As part of a new series, we hear from DFA students around the country about their thoughts, vision, and passions in life. This one is brought to you by Michael Kulikowski, founder of DFA Virginia Tech.

The topic of Design Activism is something that strongly resonates with me – it is the embodiment of the fusion of my passions: design, sustainability, urbanism, and social innovation.  My personal definition of Design Activism is the conscientious effort of utilizing your skills, talents, and knowledge to develop and implement solutions to problems for the benefit of others.

Design as activism is well illustrated by a recent phenomenon referred to as Tactical Urbanism, which is defined by incremental, small-scale improvements with the deliberate intention of creating long-term change within a community.  Tactical Urbanism projects have cropped up all across the country in response to three current trends: the great recession, shifting demographics, and the rise of crowd sourcing civic input online.  While the methods and issues that Tactical Urbanism projects address are diverse, the common denominator between all them are the conversations they spur in their communities, which as a result recognizes the need for a more permanent intervention.  Arjo Klamer’s description of Unsolicited Architecture in Volume 14 is also an accurate depiction of Tactical Urbanism: “There can be no genuine innovation in building without social innovation… Good artists and architects know that they have to seek friction. Resistance gives energy and possibly warmth in the end. Friction brings about conversation and that is usually a good thing (2007).”

Friction is energizing for makers because we create awareness, which is an important aspect to the design process. The DFA studio at Virginia Tech experienced this friction first hand in the implementation of our BurgFinder project.  The BurgFinder is a wayfinding project that was implemented through guerrilla tactics.  The project looks to raise awareness of alternative transportation options, as well as help people understand how easy and convenient these options are to use, in Blacksburg, Virginia.  By using graphic symbols and time, the signs present information in a simple, understandable, and visual format while aiming to promote an identity for alternative transportation in Blacksburg and encourage active and safe commutes.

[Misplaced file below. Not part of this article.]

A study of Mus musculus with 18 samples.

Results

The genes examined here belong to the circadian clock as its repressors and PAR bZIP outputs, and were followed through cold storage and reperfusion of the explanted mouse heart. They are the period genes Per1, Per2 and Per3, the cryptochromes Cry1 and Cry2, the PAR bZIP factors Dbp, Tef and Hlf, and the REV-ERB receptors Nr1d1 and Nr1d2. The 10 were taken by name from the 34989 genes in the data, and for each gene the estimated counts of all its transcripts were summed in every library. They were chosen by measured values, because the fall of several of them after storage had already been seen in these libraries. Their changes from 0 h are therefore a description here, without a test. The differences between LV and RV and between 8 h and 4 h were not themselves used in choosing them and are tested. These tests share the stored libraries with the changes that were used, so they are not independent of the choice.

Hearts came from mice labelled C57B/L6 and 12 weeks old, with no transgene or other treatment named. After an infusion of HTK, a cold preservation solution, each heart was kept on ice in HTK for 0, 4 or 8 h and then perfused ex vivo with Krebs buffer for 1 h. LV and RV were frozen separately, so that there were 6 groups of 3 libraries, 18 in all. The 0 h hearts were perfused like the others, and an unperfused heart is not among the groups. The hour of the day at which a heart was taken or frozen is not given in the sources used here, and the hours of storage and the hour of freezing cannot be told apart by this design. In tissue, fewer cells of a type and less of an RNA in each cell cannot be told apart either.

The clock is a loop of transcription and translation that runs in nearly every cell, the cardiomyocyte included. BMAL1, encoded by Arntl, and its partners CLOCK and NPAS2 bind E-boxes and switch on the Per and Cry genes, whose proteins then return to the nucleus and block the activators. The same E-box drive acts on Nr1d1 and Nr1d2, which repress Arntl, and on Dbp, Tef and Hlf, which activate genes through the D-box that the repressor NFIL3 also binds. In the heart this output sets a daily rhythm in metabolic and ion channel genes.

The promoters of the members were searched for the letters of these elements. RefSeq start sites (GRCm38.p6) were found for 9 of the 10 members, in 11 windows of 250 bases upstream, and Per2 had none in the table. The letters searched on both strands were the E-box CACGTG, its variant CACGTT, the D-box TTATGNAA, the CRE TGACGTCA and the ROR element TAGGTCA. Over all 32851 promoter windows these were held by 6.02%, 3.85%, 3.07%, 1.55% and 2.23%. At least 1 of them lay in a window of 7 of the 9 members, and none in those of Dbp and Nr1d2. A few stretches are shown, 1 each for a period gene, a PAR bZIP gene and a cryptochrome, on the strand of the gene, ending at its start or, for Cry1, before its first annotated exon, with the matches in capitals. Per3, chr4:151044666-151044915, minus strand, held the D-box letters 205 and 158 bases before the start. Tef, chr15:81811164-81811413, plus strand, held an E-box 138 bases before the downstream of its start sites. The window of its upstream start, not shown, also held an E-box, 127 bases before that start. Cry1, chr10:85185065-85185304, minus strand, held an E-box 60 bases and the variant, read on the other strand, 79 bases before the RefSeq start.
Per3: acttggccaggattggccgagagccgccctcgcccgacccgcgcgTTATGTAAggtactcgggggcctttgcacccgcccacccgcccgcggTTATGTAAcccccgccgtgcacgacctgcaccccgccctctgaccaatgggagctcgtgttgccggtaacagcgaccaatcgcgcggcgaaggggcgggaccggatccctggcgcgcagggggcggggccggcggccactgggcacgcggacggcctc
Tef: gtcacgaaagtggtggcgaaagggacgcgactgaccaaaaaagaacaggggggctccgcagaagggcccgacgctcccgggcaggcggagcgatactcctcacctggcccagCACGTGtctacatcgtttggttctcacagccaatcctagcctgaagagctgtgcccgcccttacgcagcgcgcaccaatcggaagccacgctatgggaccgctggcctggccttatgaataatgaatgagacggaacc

The installation of the signs was above all an experiment to see what might happen, what reactions they would generate, and how they would be received. After initially receiving resistance from the town, the signs performed exactly intended in generating healthy discussions amongst community members and quickly gained support. This friction is the impetus for many Design for America projects and can result in very satisfying outcomes. Ultimately, by collaborating with the community, the BurgFinder aims to be a short-term action for long-term change.

I argue that as students of DFA, we have “hacked” our education by utilizing the system — the resources that are available to us through our universities — and our skills/knowledge to make an impact.  To me, it is important to understand hacking as a shift in focus from product to process and technique. A hacked product is nice, but a hacked process is even better — it takes it to a level of emergence and self-organization, and multiple products can result as possibilities are drastically increased. Design as a process frees us from the associations of the physical. Thinking and producing, are the basic tenants of creation for DFA projects. If a solution is seen as a result rather than an object, we can be free to address complex issues in infinite ways.

Unfortunately, in most cases formal education has removed this type of playfulness and inquiring from the learning process. As an architecture student at Virginia Tech, however, I have had unprecedented opportunities available to me such as life-changing classes, studying abroad, and internships that were all ripe for my hacking.  In doing so I was able to craft and tailor my education to my interests; but it has been my experience with Design for America that has crystallized my identity as a maker and a problem solver. It provides a home for my active desire to hack, to live and thrive.

Please note- this student thought-piece series reflects the thoughts and opinions of DFA students, but may not reflect the opinion of Design for America.